Speech at University of Mississippi School of Law on Eminent Domain Referendum Initiative Measure 31

On Monday, October 10, I will be speaking at the University of Mississippi School of Law on a Mississippi eminent domain reform referendum initiative, Measure 31 (which is on the ballot this November). The talk is sponsored by the University of Mississippi Federalist Society, and will begun at 12:30 PM in Room 2094.

Mississippi is one of only a handful of states that have not enacted any eminent domain reforms at all since the Supreme Court’s controversial 2005 decision in Kelo v. City of New London, which ruled that the Constitution allows government to forcibly transfer private property to other private entities for purposes of “economic development.” Forty-three other states have enacted new laws, though many of them are likely to be ineffective.

Mississippi has a considerable history of dubious takings. Republican Governor Haley Barbour is a prominent advocate of massive condemnations that transfer property to big business interests such as auto manufacturers. In 2009, he vetoed a legislative eminent domain reform billIn this article, I explained why the kinds of economic development takings Barbour supports generally create more economic harm than benefit.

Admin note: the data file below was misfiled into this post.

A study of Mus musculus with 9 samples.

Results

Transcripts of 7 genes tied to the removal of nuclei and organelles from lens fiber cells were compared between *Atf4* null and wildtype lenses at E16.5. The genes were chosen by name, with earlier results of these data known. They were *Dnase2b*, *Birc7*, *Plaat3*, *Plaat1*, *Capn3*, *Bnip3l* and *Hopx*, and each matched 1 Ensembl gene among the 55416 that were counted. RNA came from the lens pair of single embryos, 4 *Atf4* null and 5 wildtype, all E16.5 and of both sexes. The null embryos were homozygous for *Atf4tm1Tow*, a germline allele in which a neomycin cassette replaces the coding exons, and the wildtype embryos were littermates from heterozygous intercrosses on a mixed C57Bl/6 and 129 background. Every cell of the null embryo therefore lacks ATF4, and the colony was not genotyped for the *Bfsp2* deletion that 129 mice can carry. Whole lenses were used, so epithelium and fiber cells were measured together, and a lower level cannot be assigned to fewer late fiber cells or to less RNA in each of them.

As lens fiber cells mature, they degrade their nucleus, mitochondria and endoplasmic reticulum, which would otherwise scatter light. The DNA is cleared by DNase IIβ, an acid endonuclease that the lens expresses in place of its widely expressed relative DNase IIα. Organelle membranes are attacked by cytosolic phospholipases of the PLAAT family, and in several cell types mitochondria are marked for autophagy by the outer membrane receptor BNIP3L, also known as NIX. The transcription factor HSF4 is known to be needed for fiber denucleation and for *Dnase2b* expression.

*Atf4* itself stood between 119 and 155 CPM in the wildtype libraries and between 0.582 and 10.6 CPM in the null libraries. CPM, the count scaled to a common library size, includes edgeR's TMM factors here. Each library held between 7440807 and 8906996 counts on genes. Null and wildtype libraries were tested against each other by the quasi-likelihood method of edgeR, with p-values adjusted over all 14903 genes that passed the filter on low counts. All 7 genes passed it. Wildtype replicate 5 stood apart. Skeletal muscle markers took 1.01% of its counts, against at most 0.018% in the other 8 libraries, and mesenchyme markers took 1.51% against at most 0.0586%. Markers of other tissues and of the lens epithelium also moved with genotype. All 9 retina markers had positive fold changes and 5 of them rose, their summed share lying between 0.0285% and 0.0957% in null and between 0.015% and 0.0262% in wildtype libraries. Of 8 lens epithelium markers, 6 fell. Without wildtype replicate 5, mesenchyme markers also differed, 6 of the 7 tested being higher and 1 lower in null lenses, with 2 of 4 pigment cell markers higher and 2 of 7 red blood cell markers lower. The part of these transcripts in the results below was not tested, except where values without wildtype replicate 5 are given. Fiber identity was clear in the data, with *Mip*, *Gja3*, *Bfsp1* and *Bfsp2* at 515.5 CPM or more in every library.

Although Measure 31 is not perfect, it would be a major improvement over current Mississippi law, which allows a wide range of economic development takings for big development projects, and also defines “blight” so broadly that virtually any area can be declared blighted and condemned. The initiative precludes economic development takings almost entirely by forbidding the transfer of condemned property to private interests for at least 10 years after the taking. It does create an exemption to this rule for property that is unfit for human habitation or poses a “direct threat” to public health or safety. But that is much more restrictive than the state’s current blight law. Broad definitions of blight that license abusive takings are a serious problem in many other states, including New York.

I will have more to say about Measure 31 at my presentation, and probably in a follow-up post that I will write after the talk for readers interested in the issue who are unable to attend.